This piece lately ran in newspapers in my very red congressional district (VA-06).
The issue of presidential impeachments in our times demonstrates how, in their natures, America’s two major political parties have become polarized opposites.
The Republican Party – which grew into the party that makes a fight over everything, even when the nation needs cooperation – launched an uncalled-for impeachment in 1998 against President Clinton. (“Uncalled-for” because Clinton’s offenses did not bear upon his presidential role, and thus did not threaten the integrity of the constitutional order).
Whereas the Democratic Party – which became a party that habitually shrunk from fighting over anything, even when the nation needed the battle to be fought – are now fearful about launching an impeachment clearly more necessary than any in American history.
It’s true, the Democrats have some basis for those fears.
On the one hand, the Mueller Report lays out a strong “bill of impeachment” in all but name. As Senator Elizabeth Warren aptly summarized the truth Mueller reveals:
- “A hostile foreign government attacked our 2016 election to help Donald Trump.”
- “Donald Trump welcomed that help.”
- “Once elected, Donald Trump obstructed the investigation into that attack.”
That conduct is clearly of such seriousness that the congressional oath of office essentially requires impeachment. Whether it is politically advantageous or not. As a “point of principle,” as Senator Warren says.
But on the other hand, only 39% of the American people presently favor impeachment. And the Democrats fear getting ahead of the voters.
At the same time, the Democrats have also been (only partially) roused from their characteristic timidity by the extreme lawlessness of this current lawless President. And so, not wanting to abdicate their responsibilities, they’ve come up with a sensible strategy for dealing with their potentially perilous position. Namely, they’re seeking to side-step for now the issue of impeachment while conducting – through public hearings — a kind of first trial in “the court of public opinion.”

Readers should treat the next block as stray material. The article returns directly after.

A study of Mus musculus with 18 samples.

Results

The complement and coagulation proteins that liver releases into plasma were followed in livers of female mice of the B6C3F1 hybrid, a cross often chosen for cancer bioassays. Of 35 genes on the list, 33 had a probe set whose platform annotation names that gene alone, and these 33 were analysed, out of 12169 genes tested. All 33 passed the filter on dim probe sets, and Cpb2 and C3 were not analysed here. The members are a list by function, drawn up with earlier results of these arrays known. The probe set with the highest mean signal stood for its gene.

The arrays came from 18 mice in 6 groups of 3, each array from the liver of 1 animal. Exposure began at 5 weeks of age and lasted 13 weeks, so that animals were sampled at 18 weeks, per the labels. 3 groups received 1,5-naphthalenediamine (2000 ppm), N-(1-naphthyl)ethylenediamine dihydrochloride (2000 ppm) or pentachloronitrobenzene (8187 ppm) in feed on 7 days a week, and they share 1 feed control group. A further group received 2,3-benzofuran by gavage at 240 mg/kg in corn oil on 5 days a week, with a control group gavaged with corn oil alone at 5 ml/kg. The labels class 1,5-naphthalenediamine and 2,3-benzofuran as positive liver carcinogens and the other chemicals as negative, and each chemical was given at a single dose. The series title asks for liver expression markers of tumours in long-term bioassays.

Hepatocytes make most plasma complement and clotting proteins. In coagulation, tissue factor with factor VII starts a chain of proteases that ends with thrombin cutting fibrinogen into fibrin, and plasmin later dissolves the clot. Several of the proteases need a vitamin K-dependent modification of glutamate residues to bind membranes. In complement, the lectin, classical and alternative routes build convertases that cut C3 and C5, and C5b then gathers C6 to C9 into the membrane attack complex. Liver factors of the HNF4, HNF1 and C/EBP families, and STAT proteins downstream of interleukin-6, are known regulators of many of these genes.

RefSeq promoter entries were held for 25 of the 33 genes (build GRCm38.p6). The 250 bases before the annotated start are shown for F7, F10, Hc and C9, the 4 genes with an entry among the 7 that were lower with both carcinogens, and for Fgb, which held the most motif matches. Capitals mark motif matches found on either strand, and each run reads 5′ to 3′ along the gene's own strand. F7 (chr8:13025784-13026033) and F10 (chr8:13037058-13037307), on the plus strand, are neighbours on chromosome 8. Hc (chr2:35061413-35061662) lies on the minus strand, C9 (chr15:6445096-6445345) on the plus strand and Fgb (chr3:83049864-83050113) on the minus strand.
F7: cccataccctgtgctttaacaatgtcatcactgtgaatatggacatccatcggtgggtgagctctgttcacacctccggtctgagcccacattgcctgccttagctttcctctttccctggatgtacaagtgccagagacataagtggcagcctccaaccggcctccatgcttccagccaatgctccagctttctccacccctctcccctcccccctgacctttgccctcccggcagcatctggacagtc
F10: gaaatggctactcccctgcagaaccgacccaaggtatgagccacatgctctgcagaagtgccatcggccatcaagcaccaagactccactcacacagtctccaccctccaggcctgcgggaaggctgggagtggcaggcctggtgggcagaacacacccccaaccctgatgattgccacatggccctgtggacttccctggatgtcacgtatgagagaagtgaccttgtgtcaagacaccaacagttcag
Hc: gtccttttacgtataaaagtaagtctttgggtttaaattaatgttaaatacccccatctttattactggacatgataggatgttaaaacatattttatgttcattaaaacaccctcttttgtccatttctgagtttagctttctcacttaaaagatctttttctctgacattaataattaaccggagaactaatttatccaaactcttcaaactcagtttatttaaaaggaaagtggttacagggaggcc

Understandably, the great majority of the citizenry will need something more than some 400+ page, dense legal document (like Mueller’s Report). The thought is that through televised hearings, with the American public hearing from actual human witnesses — as was done with the famous Watergate hearings — Americans can come to see the picture the Mueller Report paints and support what must be done.
But Trump and his allies have mounted a bold, all-out effort to prevent that process of public education from unfolding. This effort has had two main components.
First, there’s the extraordinary – and grossly deceptive – role that has been played by Trump’s hand-picked Attorney General, William Barr. The moment the Mueller’s Report was released would and should have been impactful, but Barr did everything he could to blunt that impact, replacing Mueller’s damning findings with his own false narrative.
(It has lately been disclosed that Special Counsel Mueller has strongly objected to how Barr, while holding back the Report and refusing to make public the summaries prepared by the Mueller team for immediate release to Congress and to the public, released his own letter which did not “capture the context, nature, and substance of this Office’s work and conclusions,” that created “public confusion about critical aspects of the results of our investigation,” and thus threatened “to undermine a central purpose … : to assure full public confidence in the outcome of the investigations.”)
It remains to be seen whether the public’s understanding of what Mueller was attempting to tell the American people will ever fully recover from the initial false narrative AG Barr put into the public mind.
The second aspect of the Trump strategy to block the Democrats’ campaign of public education has been a brazen, across-the-board effort to block Congress’s access to all witnesses and all documents. Trump is trying to block testimony even from people no longer in government, and trying to block financial institutions from responding to congressional subpoenas.
Even if these efforts are altogether without legal merit, they might succeed. That’s because their goal is not to win in court but to run out the clock. The Democrats’ goal is to bringing the truths of the Mueller Report to life for the American people as quickly as possible. But any substantial delay in that process helps this President keep himself above the law.
It remains to be seen how soon the Democrats will be able to bring the truth in front of the American people. Thus it remains to be seen whether Trump can succeed in protecting himself from Congress’s lawful powers, and more generally from the rule of law.
(One ironic possibility is that his across-the-board refusal to cooperate will compel the Democrats to take that step they fear to make, and wish at least to postpone: namely, to initiate an impeachment process—a constitutional step whose greater status confers a greater urgency that would be harder for Trump and his allies to obstruct.)
Above all, it remains to be seen how many Americans care about preserving our constitutional order and the rule of law.